This Globetrotting $1.7 Million Aston Martin DB5 Is Immaculate… But There’s A Catch

"It really does tick all the boxes."

This Globetrotting $1.7 Million Aston Martin DB5 Is Immaculate… But There’s A Catch

Green with envy: the 1963 Aston Martin DB5 Manual. Image: Carsales

Aston Martins are a particularly rare breed Down Under, especially vintage models.

Earlier this year, we got hot under the collar for this 1960 Aston Martin DB4 owned by the actual ‘DB’ and called it the rarest Aston Martin of all time. That description’s still accurate, but as a barely-assembled barn find, it’s by no means the prettiest.

No, that accolade goes to this 1963 DB5: the most beautiful Aston Martin of all time… Which could even give that DB4 a run for its money as the rarest, too. We’ve never seen a vintage car in such great condition – it’s easy to bandy around the term ‘immaculate’ but this car perhaps fits that description better than any other car we’ve written about this year.

“Australian delivered to Mr. B. Edgell of Sydney on 15 November 1963… It is the first and possibly only Australian-delivered DB5,” the owner claims.

Photos of the 1,695,000 AUD car, many of which are taken in the Swiss alpine town of Gstaad, show off just how impeccable this rare beauty is. It also boasts quite the globetrotting story, the seller elaborates.

That’s probably not the original head unit… But don’t you go complaining about the purity on us. Image: Carsales

“In 1995, the third custodian returned it to the UK where it was comprehensively restored by R.S. Williams, considered by many as the world’s pre-eminent Aston Martin specialists. The rebuild included their famous unleaded conversion and enhancement to 4.2 litres, a full repaint and re-trim in original colours and materials, converting the electrics to negative earth, etc, etc. On completion, the car was returned to Australia where it remained until 2016.”

The original colour combination of ‘Goodwood Green’ and white interior just screams class: the perfect colour scheme for a classic British motor. While James Bond might prefer a silver DB5, we’re strongly of the belief that green is the best colour for cars, and the combo is just one of many reasons why this car’s so perfect.

RELATED: Why It’s Time For Australians To Rethink Their New Car Colour Choices

“The fourth custodian, already a concours DB5 owner, traveled to Australia to buy the car in 2016. He imported it into the UK, duties were paid, the car was MoT’d… Since then numerous items have been attended to, the gearbox and overdrive have been rebuilt, new clutch fitted, new wiring loom installed, rebuilt clock and gauges, new coil, windscreen, electric fan, etc, etc.,” the seller continues.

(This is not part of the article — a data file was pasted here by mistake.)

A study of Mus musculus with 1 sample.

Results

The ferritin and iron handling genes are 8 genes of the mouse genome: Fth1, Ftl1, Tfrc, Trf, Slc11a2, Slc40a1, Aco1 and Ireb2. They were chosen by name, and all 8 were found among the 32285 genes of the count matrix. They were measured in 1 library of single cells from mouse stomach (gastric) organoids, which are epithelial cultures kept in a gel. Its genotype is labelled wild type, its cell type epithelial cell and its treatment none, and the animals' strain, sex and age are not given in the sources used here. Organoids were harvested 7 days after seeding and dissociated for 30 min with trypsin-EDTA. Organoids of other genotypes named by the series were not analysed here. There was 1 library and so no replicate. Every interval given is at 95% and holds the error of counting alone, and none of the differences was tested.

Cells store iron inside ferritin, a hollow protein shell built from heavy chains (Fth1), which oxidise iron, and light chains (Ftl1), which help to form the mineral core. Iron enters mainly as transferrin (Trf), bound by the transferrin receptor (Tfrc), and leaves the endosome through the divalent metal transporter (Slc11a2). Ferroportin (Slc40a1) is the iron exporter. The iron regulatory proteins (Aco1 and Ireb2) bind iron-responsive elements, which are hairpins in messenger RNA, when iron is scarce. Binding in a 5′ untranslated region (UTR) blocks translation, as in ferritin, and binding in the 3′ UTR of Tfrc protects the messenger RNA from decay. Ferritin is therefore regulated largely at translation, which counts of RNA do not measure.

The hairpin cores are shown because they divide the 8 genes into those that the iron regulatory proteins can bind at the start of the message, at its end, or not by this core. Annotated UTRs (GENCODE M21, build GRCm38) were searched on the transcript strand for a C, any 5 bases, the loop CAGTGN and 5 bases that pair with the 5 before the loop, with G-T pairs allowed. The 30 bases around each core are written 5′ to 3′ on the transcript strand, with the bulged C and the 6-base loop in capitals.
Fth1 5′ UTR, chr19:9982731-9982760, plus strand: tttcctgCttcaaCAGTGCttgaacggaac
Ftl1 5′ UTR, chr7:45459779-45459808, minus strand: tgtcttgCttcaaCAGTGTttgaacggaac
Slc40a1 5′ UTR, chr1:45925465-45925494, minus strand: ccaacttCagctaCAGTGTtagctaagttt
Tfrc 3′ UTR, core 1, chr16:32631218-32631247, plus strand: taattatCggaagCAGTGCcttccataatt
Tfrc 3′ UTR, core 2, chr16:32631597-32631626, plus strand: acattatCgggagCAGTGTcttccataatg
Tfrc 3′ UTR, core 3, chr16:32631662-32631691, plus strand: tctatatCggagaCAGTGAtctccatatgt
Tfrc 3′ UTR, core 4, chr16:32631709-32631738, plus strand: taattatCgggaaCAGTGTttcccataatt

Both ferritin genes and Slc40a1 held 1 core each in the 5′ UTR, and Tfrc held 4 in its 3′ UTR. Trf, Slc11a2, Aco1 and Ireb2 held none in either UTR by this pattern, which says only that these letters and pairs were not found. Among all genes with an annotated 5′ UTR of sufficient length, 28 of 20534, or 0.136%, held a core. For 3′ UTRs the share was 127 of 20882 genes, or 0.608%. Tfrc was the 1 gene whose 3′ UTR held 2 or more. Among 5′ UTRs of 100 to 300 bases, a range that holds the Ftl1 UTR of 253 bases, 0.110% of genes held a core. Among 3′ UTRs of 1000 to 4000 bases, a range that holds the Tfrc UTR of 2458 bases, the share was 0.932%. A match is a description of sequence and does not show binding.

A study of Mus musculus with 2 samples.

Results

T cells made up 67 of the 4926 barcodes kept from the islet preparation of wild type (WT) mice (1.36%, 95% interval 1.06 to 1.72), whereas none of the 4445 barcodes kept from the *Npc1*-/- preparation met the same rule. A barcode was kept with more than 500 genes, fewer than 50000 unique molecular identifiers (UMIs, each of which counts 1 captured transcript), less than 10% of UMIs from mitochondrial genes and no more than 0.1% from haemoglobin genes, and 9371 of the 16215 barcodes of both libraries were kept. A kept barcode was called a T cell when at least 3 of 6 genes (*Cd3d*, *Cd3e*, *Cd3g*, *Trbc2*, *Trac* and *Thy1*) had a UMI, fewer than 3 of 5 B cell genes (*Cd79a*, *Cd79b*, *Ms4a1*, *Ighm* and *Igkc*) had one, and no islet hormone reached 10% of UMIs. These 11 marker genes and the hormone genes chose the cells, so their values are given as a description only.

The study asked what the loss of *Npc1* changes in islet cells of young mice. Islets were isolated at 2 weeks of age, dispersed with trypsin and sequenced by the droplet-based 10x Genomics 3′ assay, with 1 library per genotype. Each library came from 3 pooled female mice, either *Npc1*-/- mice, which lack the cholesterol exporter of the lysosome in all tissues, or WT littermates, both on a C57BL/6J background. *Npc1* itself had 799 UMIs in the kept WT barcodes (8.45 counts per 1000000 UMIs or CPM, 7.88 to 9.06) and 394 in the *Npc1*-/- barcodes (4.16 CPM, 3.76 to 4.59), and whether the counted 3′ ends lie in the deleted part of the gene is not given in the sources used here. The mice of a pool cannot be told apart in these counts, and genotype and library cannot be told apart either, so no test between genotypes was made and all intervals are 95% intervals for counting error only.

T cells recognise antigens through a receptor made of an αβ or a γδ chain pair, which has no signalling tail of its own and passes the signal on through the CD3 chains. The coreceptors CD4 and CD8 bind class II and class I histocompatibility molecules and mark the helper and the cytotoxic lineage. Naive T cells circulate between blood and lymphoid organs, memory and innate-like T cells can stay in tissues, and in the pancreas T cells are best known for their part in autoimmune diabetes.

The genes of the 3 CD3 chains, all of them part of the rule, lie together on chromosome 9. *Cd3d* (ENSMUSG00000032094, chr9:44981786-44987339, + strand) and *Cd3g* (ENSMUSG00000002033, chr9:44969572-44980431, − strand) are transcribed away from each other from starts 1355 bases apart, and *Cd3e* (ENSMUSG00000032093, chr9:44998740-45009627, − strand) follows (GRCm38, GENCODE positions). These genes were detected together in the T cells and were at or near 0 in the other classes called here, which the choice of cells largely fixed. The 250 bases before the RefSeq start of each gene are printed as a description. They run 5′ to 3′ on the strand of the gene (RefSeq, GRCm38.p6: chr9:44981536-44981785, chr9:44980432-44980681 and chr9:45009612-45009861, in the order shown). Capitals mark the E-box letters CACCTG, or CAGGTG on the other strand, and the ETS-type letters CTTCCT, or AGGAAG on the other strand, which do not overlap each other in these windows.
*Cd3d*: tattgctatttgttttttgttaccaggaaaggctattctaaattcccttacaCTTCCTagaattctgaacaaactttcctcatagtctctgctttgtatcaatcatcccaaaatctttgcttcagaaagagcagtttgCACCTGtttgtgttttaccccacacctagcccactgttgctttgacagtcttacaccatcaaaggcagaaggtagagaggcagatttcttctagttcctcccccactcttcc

“The present owner is ironically an Australian, who has decided to keep the car in climate-controlled storage in England, returning each year to give the car some exercise. The first trip was a 2 week 1000km tour of the Cotswolds, the second was a more ambitious 6000km European tour to the Monaco Historics and the Mille Miglia. The third trip was a ‘Skyfall Tour of Scotland’ accompanying 19 other Aston Martins through the Scottish Highlands and the majesty of Glen Coe. The car performed impeccably, and it is serviced before and after each trip.”

The inline six that powers this DB5 has been bored out to 4.2L, for more VROOM. Image: Carsales

So that’s the catch: despite being listed for sale in Hawthorn, the car’s actually several thousand miles away, back in the Mother Country. Obviously, shipping the car back to Australia would cost a pretty penny, and would also be a risky endeavour, considering the age and condition of the car. The smarter move might be just to keep it back in its home country, the seller suggests.

“If the new owner chooses to store and maintain the car in England, with access to the many and varied automotive delights available in the UK and Europe, then there is a huge saving in Luxury Car Tax, Stamp Duty and GST compared to an Australian purchase, with all the advantages of an Australian delivered car and history.”

Those added costs really add up. You’d have to pay $537,066.75 in Luxury Car Tax alone – which is enough for several first-class return flights between the UK and Australia.

You may ask yourself, what’s the point of owning a classic car if you can’t enjoy it? Counter-point: a car this rare is unlikely to be a daily driver anyway, so what difference does it make if it stays in England?

In illustrious company. Image: Carsales

“In summary, what we have for sale here is a genuinely unique opportunity,” the seller concludes.

“An Australian-delivered, matching numbers DB5 of which Mr R.S. Williams himself declared on inspection… ‘has clearly benefited from the Australian climate’. Full history from day one, pampered since new by five fanatical owners. Majestic original livery, stored in climate-controlled luxury, regularly exercised and serviced, and it drives superbly… It really does tick all the boxes.”

“This compares favourably with a DB5 recently sold in NSW for $1,550,000. That car was not Australian delivered, had little documented history, and was not in the original livery.”

It’s a hell of a choice. Do you bring it home and take a hit to the hip pocket, or do you try and make a long-distance relationship work?

Gosh, it must be hard being a millionaire.

You can check out the DB5 on Carsales here.